Festus Eugene Ogun, a 100 level law student of the Olabisi Onabanjo University, Ogun State has added his voice to the conversation about “Ogogoro” ban in Nigeria.
Read his interesting piece below:
The rate at which people die of ogogoro, the local gin, is getting out of hand. Over 50 deaths of Nigerian citizens have been recorded over the guzzling of ogogoro. To the dead, RIP, to those that are fond of drinking it like water, it’s high time you put a stop to it. The issue of ‘OGOGORO- death’ has not just started today nor yesterday, many unreported cases have been in place over the years. But now that we have good number of people that have lost their lives, we have to tell them to repent, lest, they’ll still continue to die.
85 percent of those drinking ogogoro are the male folks. They take it the same way they take their normal daily food; three square meal. They drink it in the morning, evening and night. Some of these men are irresponsible to their family affairs at home. Some of them are irresponsible at their place of work.
Amidst“serious” people, they talk rubbish.
They drink off their senses in the name of‘enjoyment’ instead of them sitting down at home and planing for a good family life ,they spend most of their time in “beer parlours”, “iya junction shop” and all other “junk shops”.
We have some too that drink theirs at home secretly. They constitute nuisance around the street. Some even drink to stupor.
They use their “last kobo’ in consuming good “cups” of this “dreadful ogogoro” at the detriment of their personal well-being.
Inspite of the fact that they are aware of the evils and disadvantage of the gin, they still persist to drink it. They are stubborn, recalcitrant, disobedient and tenacious to drinking “ogogoro”. They are not ready to heed to correction and advice. Illiteracy truly is a disease can be cured only by supernatural intervention or education. It’s illiteracy that makes someone to consume something that kills him after having full knowledge about it.
This however doesn’t mean educated once aren’t guzzling too, they ‘educated-illiterates’ .
Perharps because they are addicts.
Prevention, they say, is better than cure and I think there is no medicine after death. Even if you’re an addict of ogogoro you have to stop it willy- nilly. This is the time you have to metamorphose from a drunkard to a teetotaler;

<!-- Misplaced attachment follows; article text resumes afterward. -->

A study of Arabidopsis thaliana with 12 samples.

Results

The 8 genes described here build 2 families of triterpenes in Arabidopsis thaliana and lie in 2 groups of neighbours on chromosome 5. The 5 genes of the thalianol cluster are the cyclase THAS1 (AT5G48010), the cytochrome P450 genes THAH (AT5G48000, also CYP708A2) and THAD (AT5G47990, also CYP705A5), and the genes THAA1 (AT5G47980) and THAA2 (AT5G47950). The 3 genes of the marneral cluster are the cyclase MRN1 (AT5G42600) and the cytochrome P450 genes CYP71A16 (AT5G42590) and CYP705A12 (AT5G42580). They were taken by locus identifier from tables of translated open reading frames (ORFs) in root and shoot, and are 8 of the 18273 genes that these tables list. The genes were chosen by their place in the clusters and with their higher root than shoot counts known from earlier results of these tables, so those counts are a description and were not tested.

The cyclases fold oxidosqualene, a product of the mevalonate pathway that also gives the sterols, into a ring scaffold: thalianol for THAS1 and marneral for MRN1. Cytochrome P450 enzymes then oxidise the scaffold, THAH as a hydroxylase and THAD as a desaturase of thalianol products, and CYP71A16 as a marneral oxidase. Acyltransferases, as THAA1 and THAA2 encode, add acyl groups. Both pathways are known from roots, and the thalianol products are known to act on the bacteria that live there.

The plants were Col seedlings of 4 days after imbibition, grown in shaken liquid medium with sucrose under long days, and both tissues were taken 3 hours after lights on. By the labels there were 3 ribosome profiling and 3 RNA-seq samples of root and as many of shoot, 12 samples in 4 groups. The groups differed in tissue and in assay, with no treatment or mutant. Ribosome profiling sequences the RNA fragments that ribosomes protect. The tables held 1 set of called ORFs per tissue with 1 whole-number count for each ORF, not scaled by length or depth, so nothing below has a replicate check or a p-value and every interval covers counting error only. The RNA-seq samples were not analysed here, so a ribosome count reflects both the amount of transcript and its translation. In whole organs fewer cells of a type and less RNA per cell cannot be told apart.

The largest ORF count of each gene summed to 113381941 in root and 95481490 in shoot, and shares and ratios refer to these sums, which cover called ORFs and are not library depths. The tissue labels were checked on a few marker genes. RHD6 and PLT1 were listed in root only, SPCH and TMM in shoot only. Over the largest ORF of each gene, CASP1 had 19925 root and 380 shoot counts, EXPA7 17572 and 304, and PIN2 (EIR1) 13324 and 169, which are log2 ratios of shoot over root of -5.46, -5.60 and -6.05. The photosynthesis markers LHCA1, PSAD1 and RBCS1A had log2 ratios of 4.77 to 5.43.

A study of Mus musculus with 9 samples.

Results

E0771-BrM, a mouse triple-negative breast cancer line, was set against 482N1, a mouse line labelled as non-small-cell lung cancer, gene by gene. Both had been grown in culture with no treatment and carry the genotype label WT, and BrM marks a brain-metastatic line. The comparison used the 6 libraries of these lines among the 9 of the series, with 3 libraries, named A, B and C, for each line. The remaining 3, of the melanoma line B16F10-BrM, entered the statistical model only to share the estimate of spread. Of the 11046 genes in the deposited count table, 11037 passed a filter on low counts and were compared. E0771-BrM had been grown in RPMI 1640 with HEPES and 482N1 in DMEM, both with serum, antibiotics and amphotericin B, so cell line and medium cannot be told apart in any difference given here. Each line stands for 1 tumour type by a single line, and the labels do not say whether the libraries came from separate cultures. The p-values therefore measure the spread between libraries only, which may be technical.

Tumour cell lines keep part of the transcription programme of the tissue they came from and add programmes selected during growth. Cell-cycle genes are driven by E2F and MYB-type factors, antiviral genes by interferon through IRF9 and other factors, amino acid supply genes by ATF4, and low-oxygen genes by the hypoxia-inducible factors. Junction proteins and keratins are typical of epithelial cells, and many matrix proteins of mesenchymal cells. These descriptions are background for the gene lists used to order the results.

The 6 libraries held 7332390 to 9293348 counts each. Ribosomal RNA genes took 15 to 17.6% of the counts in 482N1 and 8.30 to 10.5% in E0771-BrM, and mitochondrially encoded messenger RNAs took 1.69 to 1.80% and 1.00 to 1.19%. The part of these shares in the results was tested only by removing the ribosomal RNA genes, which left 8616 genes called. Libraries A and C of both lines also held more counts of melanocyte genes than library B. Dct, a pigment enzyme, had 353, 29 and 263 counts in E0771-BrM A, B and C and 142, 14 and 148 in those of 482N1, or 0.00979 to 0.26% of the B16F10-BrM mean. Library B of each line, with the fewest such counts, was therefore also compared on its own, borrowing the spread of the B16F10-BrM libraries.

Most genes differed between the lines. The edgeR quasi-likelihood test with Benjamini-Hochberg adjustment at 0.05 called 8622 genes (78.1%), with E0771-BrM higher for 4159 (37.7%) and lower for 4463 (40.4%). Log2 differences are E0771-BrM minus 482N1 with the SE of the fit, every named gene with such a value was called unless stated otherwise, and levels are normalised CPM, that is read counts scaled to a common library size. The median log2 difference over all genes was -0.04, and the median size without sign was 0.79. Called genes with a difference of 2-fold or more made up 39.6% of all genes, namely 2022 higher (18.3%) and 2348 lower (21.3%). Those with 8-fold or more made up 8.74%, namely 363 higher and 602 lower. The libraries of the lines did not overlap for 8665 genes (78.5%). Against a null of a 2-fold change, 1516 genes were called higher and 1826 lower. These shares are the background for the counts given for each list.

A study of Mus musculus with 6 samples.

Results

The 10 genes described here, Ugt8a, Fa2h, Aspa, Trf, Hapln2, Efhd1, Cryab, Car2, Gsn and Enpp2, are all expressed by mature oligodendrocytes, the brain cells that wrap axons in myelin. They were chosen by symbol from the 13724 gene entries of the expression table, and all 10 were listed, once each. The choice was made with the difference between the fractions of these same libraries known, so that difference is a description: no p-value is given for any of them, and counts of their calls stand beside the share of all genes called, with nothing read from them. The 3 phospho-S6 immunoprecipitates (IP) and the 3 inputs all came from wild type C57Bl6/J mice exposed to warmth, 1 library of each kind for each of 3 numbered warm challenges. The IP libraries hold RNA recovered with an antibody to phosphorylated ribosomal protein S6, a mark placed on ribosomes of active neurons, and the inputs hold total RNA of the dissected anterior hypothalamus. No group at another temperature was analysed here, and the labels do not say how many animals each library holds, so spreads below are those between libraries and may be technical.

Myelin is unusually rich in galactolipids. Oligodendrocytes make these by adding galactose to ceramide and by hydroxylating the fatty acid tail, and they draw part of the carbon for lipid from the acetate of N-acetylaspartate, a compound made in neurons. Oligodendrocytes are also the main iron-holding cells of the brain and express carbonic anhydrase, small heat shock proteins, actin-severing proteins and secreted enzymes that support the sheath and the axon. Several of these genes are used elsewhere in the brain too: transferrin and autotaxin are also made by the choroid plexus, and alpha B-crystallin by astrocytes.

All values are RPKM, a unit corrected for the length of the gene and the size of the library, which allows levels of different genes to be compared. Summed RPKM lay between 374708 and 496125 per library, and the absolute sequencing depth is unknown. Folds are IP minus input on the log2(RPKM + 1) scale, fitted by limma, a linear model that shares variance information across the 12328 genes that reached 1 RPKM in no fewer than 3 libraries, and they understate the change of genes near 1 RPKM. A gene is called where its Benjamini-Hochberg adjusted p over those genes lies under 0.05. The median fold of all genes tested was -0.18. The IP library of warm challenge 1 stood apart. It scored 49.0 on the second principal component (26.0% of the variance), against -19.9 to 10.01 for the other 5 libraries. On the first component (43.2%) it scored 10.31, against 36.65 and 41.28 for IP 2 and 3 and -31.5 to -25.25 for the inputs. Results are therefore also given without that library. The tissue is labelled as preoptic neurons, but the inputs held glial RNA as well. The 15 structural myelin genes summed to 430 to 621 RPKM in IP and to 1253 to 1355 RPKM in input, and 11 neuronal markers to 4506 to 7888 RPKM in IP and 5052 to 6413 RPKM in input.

‘ogogoro’kills faster than ebola”and hiv/aids. The rate at which “ogogoro- spirited” ones die is just getting uncontrolled and sky rocketing. The time to stop “ogogoro” is now and not tomorrow. For those who are enjoying ‘ogogoro’ in one corner while reading this piece, drop it now, life is dear.
Kudos to the government! But, to make law is easy, to enforce the law, legally, is another challenge.
Enforcing the law is a great problem that we are facing in this country. For the lawvto be effective, the law enforcement agencies should show the right attitude to work. Also, the sellers of the gin should be banned for selling such gin. If the “iya junctions” are banned from selling it, their will be reduction in those that’ll die of ogogoro.
This advice is not binding on the “ogogoro drunkard” alone but also to those who do not drink it as often as the “drunkards” . In the traditional African setting, ogogoro is having its own significance and usefulness. It’s used in traditional marriage, house warming, naming ceremony, etc. Some even use it in preparing or preserving locally herb or concoction; ‘agbo-jedi’. Our culture is our culture, that’s very sure, but I’ll advice us to substitute “ogogoro” with Seaman Schnapps, 7up or Sprite. I think these will still serve the different purposes “ogogoro” serves, if notperfectly, it will at least be manageable.
Our health is very paramount to our living.
Let’s try to be law abiding and not be
recelatrant. Life is dear; OGOGORO KILS!!!